Europe's FAT tax leaves insurers and developers feeling queasy

Sector leaders fear the proposed bank levy will affect a far wider range of industries

A proposed EU tax meant to raise billions from banks could badly hit the UK's insurance and property sectors, their trade bodies warned this weekend.

Two industry lobby groups, the Association of British Insurers (ABI) and the British Property Federation (BPF), led by Liz Peace, have approached the Commission with concerns that their members could be liable to pay its proposed Financial Activities Tax – the so-called FAT tax.

The EU Commissioner for taxation and customs, Algirdas Semeta, published the FAT proposal last month and said that it would be applied to banks' profits and bonuses, and would not exceed 5 per cent. He also said the tax could raise up to ¤25bn (£21bn), and that it was a necessary measure to tackle an "under-taxed" financial sector. Such a tax could generate £2.5bn a year from banks in the UK alone.

However, while the tax is clearly targeted at banks, a look at the finer detail of the Commission Staff Working Paper has uncovered a footnote reference that says that it should be applied as widely as possible.

The paper states: "Any version of the FAT tax could lead to differences in treatment between financial institutions subject to such a tax and quasi-financial institutions outside its scope. The implementation of a FAT should therefore cover as large as possible a range of financial institutions. The whole financial sector includes banks, insurance companies, investment funds, credit-card companies, consumer finance companies and stock brokerages and some government-sponsored enterprises."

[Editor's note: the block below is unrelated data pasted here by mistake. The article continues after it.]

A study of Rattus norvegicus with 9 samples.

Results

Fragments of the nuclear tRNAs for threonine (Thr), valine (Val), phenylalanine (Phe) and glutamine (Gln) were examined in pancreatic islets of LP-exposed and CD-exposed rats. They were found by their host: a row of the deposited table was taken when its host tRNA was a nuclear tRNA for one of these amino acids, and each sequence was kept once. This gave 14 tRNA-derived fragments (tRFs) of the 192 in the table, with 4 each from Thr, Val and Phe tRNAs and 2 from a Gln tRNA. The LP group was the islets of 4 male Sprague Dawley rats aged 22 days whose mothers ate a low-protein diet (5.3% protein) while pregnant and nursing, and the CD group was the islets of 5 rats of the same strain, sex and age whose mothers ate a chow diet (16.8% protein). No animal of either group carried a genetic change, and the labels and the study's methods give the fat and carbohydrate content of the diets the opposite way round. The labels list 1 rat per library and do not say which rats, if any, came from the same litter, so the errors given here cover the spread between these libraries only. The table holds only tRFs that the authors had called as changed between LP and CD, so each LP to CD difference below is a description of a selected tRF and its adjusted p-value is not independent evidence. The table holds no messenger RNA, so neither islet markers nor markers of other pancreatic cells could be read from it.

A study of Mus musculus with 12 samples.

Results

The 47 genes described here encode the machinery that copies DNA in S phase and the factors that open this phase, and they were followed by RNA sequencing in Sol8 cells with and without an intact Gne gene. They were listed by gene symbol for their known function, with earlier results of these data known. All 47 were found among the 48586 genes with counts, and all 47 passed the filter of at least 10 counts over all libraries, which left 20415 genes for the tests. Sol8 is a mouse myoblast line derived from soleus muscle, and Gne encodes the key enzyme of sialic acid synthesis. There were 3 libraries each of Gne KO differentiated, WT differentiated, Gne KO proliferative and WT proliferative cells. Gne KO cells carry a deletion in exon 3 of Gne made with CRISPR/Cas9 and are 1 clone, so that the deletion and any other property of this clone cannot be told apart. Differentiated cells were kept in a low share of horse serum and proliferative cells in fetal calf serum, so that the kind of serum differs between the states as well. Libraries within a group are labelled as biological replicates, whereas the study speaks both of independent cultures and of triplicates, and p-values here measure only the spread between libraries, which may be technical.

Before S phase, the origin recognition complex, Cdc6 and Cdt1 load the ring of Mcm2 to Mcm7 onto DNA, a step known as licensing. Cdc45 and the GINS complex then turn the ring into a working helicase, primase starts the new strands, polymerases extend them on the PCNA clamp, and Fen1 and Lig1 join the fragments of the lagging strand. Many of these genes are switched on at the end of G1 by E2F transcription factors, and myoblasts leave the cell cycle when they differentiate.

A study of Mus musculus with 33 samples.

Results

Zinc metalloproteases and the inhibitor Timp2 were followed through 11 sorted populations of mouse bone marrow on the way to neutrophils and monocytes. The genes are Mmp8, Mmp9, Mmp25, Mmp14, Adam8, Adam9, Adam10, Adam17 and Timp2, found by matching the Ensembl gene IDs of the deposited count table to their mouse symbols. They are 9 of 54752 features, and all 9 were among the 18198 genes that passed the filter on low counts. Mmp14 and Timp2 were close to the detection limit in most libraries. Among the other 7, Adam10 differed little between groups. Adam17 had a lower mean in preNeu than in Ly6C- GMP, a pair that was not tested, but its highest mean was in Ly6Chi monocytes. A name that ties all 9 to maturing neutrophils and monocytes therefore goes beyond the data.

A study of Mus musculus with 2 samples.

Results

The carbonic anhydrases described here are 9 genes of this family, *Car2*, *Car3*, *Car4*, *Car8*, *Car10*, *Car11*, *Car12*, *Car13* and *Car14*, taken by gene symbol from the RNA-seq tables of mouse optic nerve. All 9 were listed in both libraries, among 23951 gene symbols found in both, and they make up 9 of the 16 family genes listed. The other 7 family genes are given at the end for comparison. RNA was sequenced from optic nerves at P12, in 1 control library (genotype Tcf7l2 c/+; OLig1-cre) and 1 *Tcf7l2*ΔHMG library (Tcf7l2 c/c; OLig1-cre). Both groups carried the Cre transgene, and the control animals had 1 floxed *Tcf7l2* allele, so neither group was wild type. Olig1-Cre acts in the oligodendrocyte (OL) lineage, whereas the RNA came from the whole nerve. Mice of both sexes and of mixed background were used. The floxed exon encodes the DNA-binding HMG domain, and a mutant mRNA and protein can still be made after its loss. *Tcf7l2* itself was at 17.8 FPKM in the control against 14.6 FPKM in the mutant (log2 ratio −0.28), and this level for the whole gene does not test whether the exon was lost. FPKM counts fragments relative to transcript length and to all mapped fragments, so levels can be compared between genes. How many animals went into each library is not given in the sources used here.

Peter Vipond, the ABI's director of financial regulation and taxation, said: "We have made it clear that there should not be a read-across of any measures aimed at the banking sector to other financial service sectors."

The BPF sent a preliminary paper to the EU Commission on Monday setting out its concerns about the scope of the FAT proposal and seeking further clarification.

For the property industry, the danger lies in how the Commission defines an "investment fund", and whether firms providing financial services, such as property fund management, are included in its definition of "financial sector". Such decisions could inadvertently drag in property funds and cost the industry dearly.

A FAT would be a further blow to a sector already facing huge regulatory costs that affect investor returns. The industry feels it has been unfairly caught up by another EU directive – the Alternative Investment Fund Managers (AIFM) Directive – passed by the European Parliament on Wednesday.

This directive sets out to regulate risk-taking by hedge funds and promote greater transparency, but an unclear interpretation has implicated property fund managers, and without further clarification could haul in FTSE giants such as British Land and Land Securities.